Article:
Sport climbing is a branch of climbing in which the climb is bolted. This means that the sport climber is perfectly safe.

They do not need to worry about placing any gear as there are already bolts on the rock.

With not having to worry about little things like death, the sport climber can concentrate on climbing really really hard things. Most sports climbs are insanely overhanging pump fests.

Originally in climbing the goal was to find new and expressive routes up the rock whilst not dying. Getting to the top of even a moderate climb could be a worthwhile achievement. With the advent of sport climbing much of the cunning and psychological aspect of the climb has been removed. The payback is in climbing hard which becomes a mantra for the sports climber.

The sports climber does not own a rack, just a rope and a few quickdraws. They may be able to climb 5.13, or f8c+ or English 6b, but put them in a rack and on an exposed trad HVS and watch them go to pieces faster than a thing that goes to pieces really fast.

Noether commented I don't really agree that a hard sports climber will go to pieces on a HVS. That's just something that trad climbers say to make themselves feel better about climbing at such a low level :P

what can I say, as a trad climber I have to make up for the fact that I climb shit gradres somehow *8)

Sport climbing is the flavor of rock climbing in which the climber depends on fixed bolts for safety. These bolts are permanently drilled into the face of the rock, at intervals along a given climbing route. In general they are placed by the first ascensionist, and they are always left in place for the use of climbers who come later.

This is as opposed to "trad" or "traditional" climbing, in which each climber brings all his own protection, and takes it away again when he leaves. Sport and trad collectively are called lead climbing; the presence of bolts is what makes the difference between them.

Required gear for the sport climber includes a harness, a climbing rope, and a variable number of quickdraws. (A quickdraw or "draw" is a pair of carabiners connected by a flexible sling.) He also needs a partner, called a belayer, who is responsible for controlling the other end of the rope.

When preparing to ascend a sport route, the climber starts by attaching an end of the rope to his harness. He then climbs up several feet (perhaps 3 or 4 meters) until he can reach the first bolt. At that point he must stop, and "clip" the bolt: he takes out a quickdraw, attaches one end to the bolt, and the other end to the middle of the rope. Now the rope runs from his harness, up to the clipped bolt, and then down to the belayer.

Once clipped in to at least one bolt, the climber is protected. If he makes a mistake and falls off the rock, the rope will theoretically come taut in an inverted V between his harness, the bolt, and the belayer. This will halt his downward motion, preventing a painful impact with the ground.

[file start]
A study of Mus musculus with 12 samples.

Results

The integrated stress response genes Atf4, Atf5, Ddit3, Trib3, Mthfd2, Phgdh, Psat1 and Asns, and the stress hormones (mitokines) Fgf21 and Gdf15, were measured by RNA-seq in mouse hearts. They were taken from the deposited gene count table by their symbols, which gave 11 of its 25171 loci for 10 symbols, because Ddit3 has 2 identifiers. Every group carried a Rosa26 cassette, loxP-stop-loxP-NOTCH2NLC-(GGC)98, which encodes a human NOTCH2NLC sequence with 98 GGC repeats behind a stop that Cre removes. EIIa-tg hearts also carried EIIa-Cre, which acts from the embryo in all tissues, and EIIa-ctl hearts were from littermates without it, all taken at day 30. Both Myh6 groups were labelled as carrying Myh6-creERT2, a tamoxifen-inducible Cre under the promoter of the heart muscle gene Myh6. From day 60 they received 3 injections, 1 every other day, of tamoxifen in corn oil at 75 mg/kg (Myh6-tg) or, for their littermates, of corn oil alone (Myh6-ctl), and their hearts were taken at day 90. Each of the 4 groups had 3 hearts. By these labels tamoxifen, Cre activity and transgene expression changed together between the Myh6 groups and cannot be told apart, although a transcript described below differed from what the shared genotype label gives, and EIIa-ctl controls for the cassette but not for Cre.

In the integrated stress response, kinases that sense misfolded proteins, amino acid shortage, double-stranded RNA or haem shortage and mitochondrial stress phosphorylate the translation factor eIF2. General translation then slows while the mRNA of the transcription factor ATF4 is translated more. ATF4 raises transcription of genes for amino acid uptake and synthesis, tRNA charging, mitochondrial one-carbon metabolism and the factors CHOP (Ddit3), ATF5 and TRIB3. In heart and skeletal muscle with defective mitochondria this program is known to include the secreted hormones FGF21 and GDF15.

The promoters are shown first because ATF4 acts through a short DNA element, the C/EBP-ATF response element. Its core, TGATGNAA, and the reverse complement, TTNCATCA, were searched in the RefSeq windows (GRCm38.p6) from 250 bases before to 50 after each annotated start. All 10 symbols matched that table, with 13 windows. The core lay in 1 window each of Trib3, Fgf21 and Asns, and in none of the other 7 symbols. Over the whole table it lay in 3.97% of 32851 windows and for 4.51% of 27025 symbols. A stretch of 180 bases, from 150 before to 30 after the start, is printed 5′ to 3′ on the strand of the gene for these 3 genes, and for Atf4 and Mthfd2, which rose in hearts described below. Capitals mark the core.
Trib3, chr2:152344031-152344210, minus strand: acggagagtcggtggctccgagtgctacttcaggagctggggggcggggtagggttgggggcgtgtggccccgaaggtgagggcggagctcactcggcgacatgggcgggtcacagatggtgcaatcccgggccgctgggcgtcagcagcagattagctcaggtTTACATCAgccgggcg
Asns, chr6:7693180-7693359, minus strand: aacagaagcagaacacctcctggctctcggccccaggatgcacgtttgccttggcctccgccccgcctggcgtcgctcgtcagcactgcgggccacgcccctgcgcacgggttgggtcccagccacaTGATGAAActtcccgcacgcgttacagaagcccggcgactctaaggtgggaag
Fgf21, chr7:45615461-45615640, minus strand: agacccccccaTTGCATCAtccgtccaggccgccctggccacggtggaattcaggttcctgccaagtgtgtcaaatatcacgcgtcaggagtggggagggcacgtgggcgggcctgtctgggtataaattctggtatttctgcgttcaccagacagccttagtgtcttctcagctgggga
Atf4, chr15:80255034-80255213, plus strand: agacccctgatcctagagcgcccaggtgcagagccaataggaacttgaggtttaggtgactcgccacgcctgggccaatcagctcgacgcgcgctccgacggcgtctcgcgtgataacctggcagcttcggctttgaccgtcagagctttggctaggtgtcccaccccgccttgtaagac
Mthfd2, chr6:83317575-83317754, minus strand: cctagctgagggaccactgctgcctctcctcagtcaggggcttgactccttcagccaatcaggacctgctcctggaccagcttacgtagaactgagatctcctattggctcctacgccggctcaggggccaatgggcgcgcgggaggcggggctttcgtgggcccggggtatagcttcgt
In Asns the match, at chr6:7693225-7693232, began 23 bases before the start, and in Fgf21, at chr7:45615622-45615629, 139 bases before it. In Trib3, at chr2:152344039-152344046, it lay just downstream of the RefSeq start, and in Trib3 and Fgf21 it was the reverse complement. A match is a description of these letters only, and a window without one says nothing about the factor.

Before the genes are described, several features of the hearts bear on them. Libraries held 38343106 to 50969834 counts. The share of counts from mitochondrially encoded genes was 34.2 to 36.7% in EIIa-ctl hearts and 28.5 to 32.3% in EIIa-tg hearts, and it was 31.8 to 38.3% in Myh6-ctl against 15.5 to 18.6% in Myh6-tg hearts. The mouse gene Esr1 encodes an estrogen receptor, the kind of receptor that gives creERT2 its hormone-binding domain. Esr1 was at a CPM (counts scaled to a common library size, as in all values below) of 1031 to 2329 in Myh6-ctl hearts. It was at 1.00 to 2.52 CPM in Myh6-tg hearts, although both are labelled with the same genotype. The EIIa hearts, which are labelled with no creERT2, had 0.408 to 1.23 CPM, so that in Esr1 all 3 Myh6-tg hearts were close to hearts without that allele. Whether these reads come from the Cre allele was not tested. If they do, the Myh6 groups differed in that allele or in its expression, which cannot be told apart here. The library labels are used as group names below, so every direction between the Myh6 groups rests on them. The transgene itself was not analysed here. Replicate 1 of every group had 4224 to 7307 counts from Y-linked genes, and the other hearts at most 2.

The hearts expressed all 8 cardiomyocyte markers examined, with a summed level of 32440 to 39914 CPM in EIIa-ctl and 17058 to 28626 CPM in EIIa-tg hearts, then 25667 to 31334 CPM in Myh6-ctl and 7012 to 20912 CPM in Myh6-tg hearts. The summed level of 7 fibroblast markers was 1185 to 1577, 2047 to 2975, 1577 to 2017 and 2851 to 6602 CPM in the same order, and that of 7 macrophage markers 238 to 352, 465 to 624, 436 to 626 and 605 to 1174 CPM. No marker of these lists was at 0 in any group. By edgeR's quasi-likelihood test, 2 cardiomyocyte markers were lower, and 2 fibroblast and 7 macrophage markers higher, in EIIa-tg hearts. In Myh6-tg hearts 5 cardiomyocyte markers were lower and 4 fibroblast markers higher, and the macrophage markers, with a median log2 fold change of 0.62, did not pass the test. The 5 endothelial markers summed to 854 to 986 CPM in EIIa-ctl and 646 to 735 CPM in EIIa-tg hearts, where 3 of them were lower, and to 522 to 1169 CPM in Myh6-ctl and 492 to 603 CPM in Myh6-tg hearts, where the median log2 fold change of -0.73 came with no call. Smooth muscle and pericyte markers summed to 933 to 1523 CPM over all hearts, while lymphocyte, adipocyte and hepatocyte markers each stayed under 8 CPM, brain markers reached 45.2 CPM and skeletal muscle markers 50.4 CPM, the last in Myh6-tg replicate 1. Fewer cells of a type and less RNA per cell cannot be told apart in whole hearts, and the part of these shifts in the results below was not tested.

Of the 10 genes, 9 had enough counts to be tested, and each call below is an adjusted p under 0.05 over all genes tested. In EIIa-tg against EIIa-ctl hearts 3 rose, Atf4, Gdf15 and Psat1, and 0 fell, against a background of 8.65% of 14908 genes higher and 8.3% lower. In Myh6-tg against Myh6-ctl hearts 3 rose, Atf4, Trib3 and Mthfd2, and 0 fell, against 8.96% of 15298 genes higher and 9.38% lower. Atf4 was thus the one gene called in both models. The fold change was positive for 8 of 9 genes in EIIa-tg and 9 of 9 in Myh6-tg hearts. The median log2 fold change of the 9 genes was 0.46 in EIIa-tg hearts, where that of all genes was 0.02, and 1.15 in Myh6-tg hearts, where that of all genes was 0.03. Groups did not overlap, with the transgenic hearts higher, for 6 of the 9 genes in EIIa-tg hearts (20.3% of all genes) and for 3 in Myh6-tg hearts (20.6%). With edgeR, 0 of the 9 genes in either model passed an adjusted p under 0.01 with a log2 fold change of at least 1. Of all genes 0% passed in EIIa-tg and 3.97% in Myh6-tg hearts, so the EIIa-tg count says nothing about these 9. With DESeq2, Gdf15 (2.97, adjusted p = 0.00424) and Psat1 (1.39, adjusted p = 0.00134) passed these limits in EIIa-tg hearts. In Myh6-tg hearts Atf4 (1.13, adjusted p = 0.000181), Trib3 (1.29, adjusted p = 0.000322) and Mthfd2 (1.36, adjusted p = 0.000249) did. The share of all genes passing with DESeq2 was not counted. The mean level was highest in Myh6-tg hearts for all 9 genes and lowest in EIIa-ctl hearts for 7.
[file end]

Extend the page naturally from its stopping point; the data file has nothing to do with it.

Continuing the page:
As the climber passes additional bolts along the route, he clips into them as well, so that the rope runs down through a series of quickdraws before reaching the belayer. If the highest piece of protection fails to halt a fall for any reason, the next lower piece (again theoretically) remains connected and will be able to arrest his fall. His safety thus assured, the climber can fall as many times as he likes and still survive to reach the top of the route.

Note the "theoretically" qualifier up there. Unfortunately no system is perfect, and any mistakes here can lead to serious injury.

The most common mistakes in lead climbing involve bad clipping. For instance, a back clipped draw is one placed such that during a fall, the rope will wrap around it and pull the gate open. The open gate lets the rope pop out, meaning the climber is no longer attached to the bolt! Various other clipping errors can also allow a biner gate to open and the draw to become detached.

Another potential problem, specific to sport climbing, is in the bolts themselves. Since the climber does not place his own bolts, he is relying on the expertise of whoever did place them, and there's no guarantee that they can withstand any force. Note also that the bolts are permanent, and remain constantly exposed to the elements for years at a time. Even the best equipment will slowly rust and weaken, eventually to the point that it will break when subjected to a fall.

Of course, most bolts are bombproof and secure, and depending on them is as safe as lead climbing gets. But the climber is trusting each bolt with his life, and there is always the chance that a critical bolt will fail and drop him on his head. This is the tradeoff of climbing sport rather than trad. You gain the simplicity of not having to place gear yourself, at the expense of having to rely on what's been placed for you.